European High Yield Spread: Close to the 10-Year Average

A bond's yield spread is the gap between its yield and the yield of a risk-free bond (usually a government bond). This spread shows the extra risk an investor takes when investing in a high-yield bond instead of a risk-free one.

Right now, the European High Yield (EHY) spread is around its 10-year average. This suggests that the market's view of risk in the EHY sector is neither too positive nor too negative, but rather in line with past trends. Basically, the market sees the risk of EHY bonds as consistent with the last ten years. This could be seen as a sign of relative stability, especially considering the economic turmoil and uncertainties we've experienced in the past decade.

The Appeal of Bond Cash Prices

While the spread is at its historical average, the actual cash prices of these bonds are quite attractive. Why? Because of rising interest rates during 2022.

When interest rates go up, bond prices go down. This is because new bonds issued at the current higher interest rates make older bonds with lower rates less appealing. So, to compete with new issues, the prices of older bonds have to drop.

This situation is a great opportunity for investors looking to invest in the EHY market. Presently, the markets yield to maturity is over 8%, clearly the highest it has been in over 10 years. Also, the discount seen in bond prices is at a level usually seen when default levels are very high. But currently, default levels are really low and company performances have been strong.

Average Bond Prices at levels usually seen in a crisis   

Average Bond Prices at levels usually seen in a crisis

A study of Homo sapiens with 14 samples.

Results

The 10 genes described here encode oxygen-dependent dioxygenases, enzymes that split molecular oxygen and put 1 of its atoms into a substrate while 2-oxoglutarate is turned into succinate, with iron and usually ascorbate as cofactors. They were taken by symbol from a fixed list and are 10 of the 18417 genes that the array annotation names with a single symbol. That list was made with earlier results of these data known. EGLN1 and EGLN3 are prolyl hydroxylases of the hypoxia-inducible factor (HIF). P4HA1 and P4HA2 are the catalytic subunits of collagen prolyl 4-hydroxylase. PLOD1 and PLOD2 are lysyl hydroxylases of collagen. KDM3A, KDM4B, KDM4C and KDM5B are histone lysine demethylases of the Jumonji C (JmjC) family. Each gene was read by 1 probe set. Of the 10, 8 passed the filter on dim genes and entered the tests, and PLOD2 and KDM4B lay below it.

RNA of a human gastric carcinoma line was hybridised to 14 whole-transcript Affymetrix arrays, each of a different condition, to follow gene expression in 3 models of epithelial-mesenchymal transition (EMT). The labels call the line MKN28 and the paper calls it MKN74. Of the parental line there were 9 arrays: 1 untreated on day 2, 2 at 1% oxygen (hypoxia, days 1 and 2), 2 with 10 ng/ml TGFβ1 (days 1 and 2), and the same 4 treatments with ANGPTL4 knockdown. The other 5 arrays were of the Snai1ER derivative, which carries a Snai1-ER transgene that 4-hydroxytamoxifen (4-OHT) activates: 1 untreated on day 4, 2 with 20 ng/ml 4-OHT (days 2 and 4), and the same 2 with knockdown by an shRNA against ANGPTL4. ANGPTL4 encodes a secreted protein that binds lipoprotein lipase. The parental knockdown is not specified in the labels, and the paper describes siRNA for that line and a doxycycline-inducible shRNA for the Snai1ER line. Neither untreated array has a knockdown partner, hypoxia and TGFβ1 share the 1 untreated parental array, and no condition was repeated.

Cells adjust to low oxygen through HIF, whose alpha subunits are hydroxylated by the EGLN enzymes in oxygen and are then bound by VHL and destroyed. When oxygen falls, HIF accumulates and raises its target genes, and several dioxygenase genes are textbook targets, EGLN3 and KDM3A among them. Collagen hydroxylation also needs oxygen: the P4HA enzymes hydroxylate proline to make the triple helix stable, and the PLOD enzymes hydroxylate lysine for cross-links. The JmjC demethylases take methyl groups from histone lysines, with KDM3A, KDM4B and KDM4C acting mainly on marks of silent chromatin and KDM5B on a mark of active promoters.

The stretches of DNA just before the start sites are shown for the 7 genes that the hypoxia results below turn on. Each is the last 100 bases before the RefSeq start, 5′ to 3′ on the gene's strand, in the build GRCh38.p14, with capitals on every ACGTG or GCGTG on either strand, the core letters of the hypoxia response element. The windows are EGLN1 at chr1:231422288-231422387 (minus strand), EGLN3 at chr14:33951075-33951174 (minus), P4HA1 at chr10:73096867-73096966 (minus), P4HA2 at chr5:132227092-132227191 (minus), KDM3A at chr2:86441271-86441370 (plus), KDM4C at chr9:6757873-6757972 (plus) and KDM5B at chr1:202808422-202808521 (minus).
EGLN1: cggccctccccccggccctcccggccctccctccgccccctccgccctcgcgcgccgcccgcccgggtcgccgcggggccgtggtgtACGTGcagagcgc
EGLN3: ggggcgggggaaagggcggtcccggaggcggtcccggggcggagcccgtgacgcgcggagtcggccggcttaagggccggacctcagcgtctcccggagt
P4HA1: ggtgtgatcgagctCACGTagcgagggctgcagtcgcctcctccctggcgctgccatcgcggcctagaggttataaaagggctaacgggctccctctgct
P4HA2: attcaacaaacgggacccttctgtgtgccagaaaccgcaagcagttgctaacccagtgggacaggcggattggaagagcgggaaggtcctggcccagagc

Source: ICE, Index: ICE BofA European Currency Developed High Yield Constrained Index

Why It's Important

Often, bond documents allow the company to pay back the bonds early. The initial repayment dates are at a premium, or above 100, but as maturity nears, the price drops to 100. For instance, a 7-year bond typically allows the issuer to repay the bonds 2 years before maturity. If we consider a bond with average High Yield market characteristics; 4 years to maturity, price is 88, coupon 4.3%, that bond would have a Yield-to-Maturity of 7.92%. But if the company repays it 1 year before maturity, the YTM increases by 112 bps to 9.04%, and if repaid 2 years earlier, the yield would rise by a massive 342 bps to 11.34%. This clearly shows huge potential for higher returns. However, not every company will repay the bonds that early, as refinancing depends on factors like the coupon on the old bonds, recent results, market conditions, etc. But the potential for additional yield not reflected in the headline spread and yield numbers is substantial. In the high-yield markets, it's very common for refinancing to occur before maturity, even when the new interest rate is higher. This is because companies aim to reduce refinancing risk and therefore prefer to repay the bonds earlier than the final maturity date.

Wrapping Up 

In short, while the Euro High Yield spread is reassuring at its current levels, the bond prices, hurt by rising interest rates, offer investors potential for extra returns that are not visible by just looking at spread graphs. Feel free to contact us for detailed information and advice customized for your specific needs and investment goals.